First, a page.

Howlin says his department’s role is to vet Reilly proposals
Minister says warnings over cost of health plans contained in letters are part of normal process
Minister for Public Expenditure Brendan Howlin: denied there are tensions between him and Minister for Health James Reilly
Minister for Public Expenditure Brendan Howlin has said his department’s assertion that universal health insurance poses a the risk to the financial stability of the State is just part of the normal process of drafting policy.
Mr Howlin also said the initial exchanges between his department and the Department of Health, reported in The Irish Times, are an early part of a “ongoing process”.
Speaking at the Labour Party conference in Enfield, Co Meath, the Wexford TD said he had yet to see a letter from Dr Reilly’s officials which accuses his department of trying to “frustrate” health reform and making “exaggerated” claims.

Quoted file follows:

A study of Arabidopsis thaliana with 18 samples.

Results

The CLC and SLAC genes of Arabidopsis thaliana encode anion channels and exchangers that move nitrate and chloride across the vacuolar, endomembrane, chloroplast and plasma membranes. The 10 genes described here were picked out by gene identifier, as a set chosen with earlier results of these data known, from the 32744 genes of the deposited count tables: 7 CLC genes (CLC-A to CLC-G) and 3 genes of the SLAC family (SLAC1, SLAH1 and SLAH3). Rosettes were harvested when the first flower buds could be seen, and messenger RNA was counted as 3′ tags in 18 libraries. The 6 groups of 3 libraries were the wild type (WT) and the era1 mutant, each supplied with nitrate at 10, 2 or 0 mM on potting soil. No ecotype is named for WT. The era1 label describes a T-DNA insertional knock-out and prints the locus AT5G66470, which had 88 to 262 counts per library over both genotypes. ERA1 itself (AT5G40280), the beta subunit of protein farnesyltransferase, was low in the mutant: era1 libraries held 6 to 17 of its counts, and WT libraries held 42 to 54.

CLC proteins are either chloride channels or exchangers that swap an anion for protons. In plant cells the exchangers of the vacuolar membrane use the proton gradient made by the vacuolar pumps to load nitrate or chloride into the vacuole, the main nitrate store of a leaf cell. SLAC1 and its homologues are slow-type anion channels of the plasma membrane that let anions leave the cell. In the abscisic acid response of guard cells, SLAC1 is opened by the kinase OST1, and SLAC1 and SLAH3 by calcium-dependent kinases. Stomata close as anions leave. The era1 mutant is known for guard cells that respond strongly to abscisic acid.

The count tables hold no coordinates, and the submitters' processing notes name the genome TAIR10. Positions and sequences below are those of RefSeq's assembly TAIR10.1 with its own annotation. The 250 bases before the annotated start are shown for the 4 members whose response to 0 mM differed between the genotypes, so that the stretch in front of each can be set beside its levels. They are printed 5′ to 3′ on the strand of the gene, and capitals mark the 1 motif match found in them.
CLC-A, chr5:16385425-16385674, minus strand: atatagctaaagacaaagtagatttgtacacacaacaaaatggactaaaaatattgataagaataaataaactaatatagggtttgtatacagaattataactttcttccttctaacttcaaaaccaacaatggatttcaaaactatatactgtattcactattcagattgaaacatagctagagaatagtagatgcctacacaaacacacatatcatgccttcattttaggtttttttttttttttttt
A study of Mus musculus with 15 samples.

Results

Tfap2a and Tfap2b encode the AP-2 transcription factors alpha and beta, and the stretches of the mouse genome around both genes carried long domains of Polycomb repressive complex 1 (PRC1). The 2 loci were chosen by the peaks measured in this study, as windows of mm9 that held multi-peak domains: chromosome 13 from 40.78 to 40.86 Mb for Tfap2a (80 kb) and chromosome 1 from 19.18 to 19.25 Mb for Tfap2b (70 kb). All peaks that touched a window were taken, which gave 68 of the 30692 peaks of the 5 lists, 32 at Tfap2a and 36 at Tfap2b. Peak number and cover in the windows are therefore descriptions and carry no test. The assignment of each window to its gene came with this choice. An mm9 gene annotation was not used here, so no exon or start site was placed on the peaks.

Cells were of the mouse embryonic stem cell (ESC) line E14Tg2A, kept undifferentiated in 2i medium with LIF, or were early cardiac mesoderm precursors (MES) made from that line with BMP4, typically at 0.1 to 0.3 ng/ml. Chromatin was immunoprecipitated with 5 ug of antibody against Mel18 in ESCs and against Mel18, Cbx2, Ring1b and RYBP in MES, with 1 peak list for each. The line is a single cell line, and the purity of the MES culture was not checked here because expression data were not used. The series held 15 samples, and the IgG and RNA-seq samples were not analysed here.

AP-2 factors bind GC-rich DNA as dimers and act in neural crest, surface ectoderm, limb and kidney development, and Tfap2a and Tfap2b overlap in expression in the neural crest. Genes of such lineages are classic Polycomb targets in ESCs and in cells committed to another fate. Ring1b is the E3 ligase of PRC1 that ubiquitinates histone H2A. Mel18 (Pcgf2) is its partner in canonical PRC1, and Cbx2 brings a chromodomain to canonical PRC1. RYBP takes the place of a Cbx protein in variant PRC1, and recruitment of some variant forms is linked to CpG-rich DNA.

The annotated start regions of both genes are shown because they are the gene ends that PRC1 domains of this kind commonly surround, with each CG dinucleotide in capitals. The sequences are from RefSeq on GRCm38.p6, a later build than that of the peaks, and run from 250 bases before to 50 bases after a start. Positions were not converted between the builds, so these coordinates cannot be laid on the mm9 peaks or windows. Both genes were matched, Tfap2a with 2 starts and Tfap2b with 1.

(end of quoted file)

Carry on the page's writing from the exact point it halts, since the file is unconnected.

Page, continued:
Mr Howlin also denied there are tensions between him and Minister for Health James Reilly, and claimed he had not seen his department’s strident criticisms of Dr Reilly’s signature health policy.
“I have been a strong supporter of UHI, as has the [Labour]party, since my own time in the Department of Health and it is an agreed part of the Programme for Government,” he said.
“There has been an interaction at official level as has been the absolute norm in relation to costings, structures and so on and that’s an ongoing process so I am surprised to see that early interaction at official level migrating itself into the national papers today.
“My department has a responsibility to look at the costings of every proposal. It’s part of a process, it’s not a finished or polished issue.
“There’ll be lots of dialogue before it gets to a political level for a programme or a proposal that is as important to the Government as this one is, one of the bedrock issues that both parties are agreed upon.”
Amid increasingly bitter exchanges between the two departments, Mr Howlin said on a “personal level”, he and Dr Reilly get on “extremely well”.
“But on an official level, I have to interact with every line minister. My job is to ensure that the fiscal recovery that we’ve had, the great progress we’ve made is sustained. We’re not going to make mistakes like what happened in the past.”
He would not be drawn on whether his department’s views on UHI reflected his own personal opinions on the policy, which was a key plank of the Fine Gael General Election manifesto in 2011.